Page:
Are you making the most of onboarding to support your bottom line?
Research shows that a positive induction experience increases new-hire retention rates by 82% and also increases productivity by 70%.
Getting people to stick around is crucial to business success and growth. Stats show that the true cost of replacing someone lies anywhere between 90-200% of their salary. With 31% of new hires leaving within 6 months (and 68% of those leaving within the first 3 months), losing people is clearly very expensive and a big barrier to growth.
Staff induction or onboarding is the process of introducing and familiarising a new hire to their new workplace. It’s the series of events which starts from when an employment offer is accepted and continues for weeks or even months. More and more it is seen as a two process that is key to engaging and retaining staff.
Staff induction can also make a considerable difference to your bottom line.
What does your staff induction process say about your business?
Staff induction is a reflection of your company values. It’s the first learning experience a new hire has and is the start of their learning journey at their new workplace.
It provides their first insight into what the company they have joined is really like – as opposed to what they were told about it – and sets the tone for what the employee can expect down the line in terms of their work experience. From a manager’s perspective, staff induction is the opportunity to make a good first impression and reinforce that the new hire has made the right decision in joining the team. It’s the opportunity to say we:
- are professional
- care about your experience here
- want you to be successful and happy here
- will ensure you have the tools to succeed
And perhaps most importantly, we want you to stick around.
What do new hires want in staff induction?
“How an employee initially perceives a company in terms of opportunity has a huge impact on how long they’ll stay”
Michelle Hoover – Principal at Baem Leadership
It’s time to re-think the induction conversation.
Long gone are the days where staff induction was a quick once-over of HR documents and setting up the new email account. More than anything else, new staff want to be engaged and to feel a personal connection to the company.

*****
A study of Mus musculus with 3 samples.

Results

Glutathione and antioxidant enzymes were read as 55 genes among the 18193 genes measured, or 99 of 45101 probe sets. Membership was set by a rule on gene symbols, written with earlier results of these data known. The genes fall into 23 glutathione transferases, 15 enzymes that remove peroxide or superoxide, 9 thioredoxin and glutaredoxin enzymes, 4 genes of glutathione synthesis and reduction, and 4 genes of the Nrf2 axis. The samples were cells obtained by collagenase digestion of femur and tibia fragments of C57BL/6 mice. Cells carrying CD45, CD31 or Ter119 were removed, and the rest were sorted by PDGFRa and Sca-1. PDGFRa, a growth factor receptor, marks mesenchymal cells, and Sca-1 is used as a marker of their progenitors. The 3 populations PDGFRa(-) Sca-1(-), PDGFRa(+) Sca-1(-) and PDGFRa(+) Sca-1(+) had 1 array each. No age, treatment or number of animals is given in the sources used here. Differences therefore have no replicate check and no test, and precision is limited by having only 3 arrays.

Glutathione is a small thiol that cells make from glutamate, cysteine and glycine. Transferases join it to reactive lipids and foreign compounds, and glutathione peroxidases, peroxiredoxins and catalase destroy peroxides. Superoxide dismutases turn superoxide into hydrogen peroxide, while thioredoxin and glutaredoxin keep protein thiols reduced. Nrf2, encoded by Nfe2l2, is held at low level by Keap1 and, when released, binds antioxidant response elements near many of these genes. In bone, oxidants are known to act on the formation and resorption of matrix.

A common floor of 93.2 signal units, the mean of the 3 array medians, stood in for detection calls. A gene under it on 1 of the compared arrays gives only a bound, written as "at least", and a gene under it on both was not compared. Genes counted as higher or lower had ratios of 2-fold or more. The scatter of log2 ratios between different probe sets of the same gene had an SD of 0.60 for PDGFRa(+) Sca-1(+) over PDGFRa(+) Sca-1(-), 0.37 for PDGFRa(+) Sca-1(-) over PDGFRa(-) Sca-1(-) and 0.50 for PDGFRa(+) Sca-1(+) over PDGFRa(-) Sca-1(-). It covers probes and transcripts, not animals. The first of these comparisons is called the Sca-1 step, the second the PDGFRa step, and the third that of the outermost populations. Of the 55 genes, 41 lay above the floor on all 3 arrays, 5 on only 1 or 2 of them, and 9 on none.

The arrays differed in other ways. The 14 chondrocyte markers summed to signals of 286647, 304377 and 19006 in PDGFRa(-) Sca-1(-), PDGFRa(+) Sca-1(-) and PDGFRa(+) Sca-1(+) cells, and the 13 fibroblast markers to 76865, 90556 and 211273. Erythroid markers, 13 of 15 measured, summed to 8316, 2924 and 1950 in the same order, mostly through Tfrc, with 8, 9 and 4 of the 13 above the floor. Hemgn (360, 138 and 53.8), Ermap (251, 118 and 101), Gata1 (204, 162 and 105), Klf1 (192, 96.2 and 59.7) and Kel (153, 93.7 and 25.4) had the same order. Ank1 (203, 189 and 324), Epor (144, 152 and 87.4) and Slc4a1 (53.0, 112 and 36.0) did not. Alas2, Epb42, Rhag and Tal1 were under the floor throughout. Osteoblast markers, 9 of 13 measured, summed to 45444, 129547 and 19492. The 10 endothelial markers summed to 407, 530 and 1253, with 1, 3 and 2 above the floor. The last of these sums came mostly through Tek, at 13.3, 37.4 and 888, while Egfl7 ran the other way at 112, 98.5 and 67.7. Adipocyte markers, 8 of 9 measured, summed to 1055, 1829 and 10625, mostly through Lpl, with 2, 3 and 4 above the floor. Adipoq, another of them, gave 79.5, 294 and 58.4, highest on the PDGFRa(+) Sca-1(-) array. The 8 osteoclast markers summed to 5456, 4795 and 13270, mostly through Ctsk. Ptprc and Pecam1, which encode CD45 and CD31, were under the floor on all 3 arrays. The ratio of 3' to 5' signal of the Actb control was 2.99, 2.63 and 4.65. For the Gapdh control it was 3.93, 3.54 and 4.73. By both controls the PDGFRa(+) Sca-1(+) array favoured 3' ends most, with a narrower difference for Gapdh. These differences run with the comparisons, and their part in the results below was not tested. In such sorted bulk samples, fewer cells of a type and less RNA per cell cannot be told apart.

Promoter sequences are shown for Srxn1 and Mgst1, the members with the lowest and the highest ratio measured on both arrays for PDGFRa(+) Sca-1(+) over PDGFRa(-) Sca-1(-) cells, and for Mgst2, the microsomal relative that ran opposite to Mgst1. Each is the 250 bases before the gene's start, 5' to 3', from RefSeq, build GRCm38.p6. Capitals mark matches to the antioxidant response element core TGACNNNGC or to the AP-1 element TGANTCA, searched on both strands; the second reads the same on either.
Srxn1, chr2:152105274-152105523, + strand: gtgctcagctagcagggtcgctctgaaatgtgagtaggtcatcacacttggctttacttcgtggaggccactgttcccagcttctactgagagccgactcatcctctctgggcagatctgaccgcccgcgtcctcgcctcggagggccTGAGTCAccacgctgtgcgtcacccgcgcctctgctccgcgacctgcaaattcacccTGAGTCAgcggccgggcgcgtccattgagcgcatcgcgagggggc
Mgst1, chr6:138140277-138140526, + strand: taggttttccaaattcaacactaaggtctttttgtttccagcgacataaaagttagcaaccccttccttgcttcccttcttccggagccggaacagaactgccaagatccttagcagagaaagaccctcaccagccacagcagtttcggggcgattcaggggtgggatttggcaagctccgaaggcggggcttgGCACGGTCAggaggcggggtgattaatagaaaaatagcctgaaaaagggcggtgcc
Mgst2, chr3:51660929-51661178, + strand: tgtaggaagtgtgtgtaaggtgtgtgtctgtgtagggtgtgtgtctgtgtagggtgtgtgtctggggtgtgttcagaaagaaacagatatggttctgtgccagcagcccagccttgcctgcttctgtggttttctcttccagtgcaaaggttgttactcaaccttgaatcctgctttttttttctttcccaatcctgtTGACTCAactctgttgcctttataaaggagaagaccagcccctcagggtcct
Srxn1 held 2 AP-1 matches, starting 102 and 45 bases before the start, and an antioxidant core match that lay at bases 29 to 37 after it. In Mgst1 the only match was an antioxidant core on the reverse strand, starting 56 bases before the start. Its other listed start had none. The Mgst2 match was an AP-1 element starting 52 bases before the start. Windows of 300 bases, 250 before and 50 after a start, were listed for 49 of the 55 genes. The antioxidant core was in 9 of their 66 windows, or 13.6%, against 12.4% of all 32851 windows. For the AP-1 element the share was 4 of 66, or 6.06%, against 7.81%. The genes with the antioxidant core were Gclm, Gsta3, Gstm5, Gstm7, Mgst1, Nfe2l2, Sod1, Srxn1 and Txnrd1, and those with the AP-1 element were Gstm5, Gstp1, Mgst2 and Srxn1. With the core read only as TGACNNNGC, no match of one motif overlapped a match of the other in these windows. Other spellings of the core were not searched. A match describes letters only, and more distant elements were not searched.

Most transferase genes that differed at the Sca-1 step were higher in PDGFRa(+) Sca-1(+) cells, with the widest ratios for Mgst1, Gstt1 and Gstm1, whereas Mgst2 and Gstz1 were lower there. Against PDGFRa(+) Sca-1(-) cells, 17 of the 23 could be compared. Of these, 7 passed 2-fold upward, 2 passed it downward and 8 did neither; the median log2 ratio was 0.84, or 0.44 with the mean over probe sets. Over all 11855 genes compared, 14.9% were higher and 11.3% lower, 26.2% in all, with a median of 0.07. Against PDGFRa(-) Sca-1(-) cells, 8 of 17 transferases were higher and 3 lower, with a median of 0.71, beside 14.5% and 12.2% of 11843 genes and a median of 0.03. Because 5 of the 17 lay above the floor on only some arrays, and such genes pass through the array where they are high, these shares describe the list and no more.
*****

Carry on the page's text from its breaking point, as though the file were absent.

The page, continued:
Although important, money is not necessarily their main reason for joining. Job offers are increasingly being accepted for the opportunities to develop skills through on-job training. This all begins with induction, the first bit of training a new hire undertakes.
These 4 things are what new hires most want from an induction experience.
- A clear understanding of their job expectations
Key roles and responsibilities should be thoroughly covered in a decent job description, but certainty around job expectations go beyond this. New hires want clear and detailed parameters of what is expected of them. They want to know what good work looks like and how they will be appraised for their work. This obviously doesn’t get covered in the first day or even week – but the sooner a new hire knows what is expected of them the better.
2. To learn about the company culture
Being able to do your job well goes beyond understanding what you need to do. It’s also about understanding the wider company culture that you have now joined.
Questions like the following will help build a picture of company culture.
- How are people managed here?
- How do individuals and teams interact with each other?
- What is the dress code like?
- What qualities are most valued by the company?
- Does this company have a learning culture?
- How is professional development and training put into practice
3. To connect with their team
Getting to know the people you will be working with, even if you or they are working remotely, is a hugely important part of the induction process.
No one wants to be sitting alone wading through a pile of documents when they start a new job. A new hire wants to start building relationships as early as possible and become attuned to their team. Again, you and/or your team don’t need to be physically present in the same place to start building a connection.
An important part of any induction programme, online induction modules can also be a great way to bring together a team who work remotely and build connections between members.
4. To get on with the job.
New employees want to feel engaged from the outset. They don’t want to spend a week reading or listening about their job – they want to be doing it! While induction clearly requires that context and familiarity be gradually built up, the best way to learn is by jumping in.
With the right support of course.
The importance of clarity and flow during induction
Induction is about giving a new employee the right flow of information, guidance and opportunities to learn.
Let’s start with information. Information needs to be clear, relevant and given in a way that doesn’t overwhelm.
Chunking information is a good way to do this.
Don’t give everything at once – instead think about what the new hire needs to know at the very start to get on with the job as opposed to what they can read, hear about or discuss later on. Is there information that would be helpful to share before their planned start day to make the experience not so overwhelming?
Make sure your information is concise.
It’s also important that the information you give out is current. Workplaces are constantly changing and employee manuals, organisational charts and company policies need regular revision to be of any use.
Guidance needs to be measured.
Having someone available to show you the ropes on your first days or weeks makes a huge difference. Again it’s important not to go overboard. It’s about having someone be present (in person or online) to help and answer questions but to also give the new hire the opportunity to explore and learn independently.
As with most things in staff induction, it’s about getting the mix right.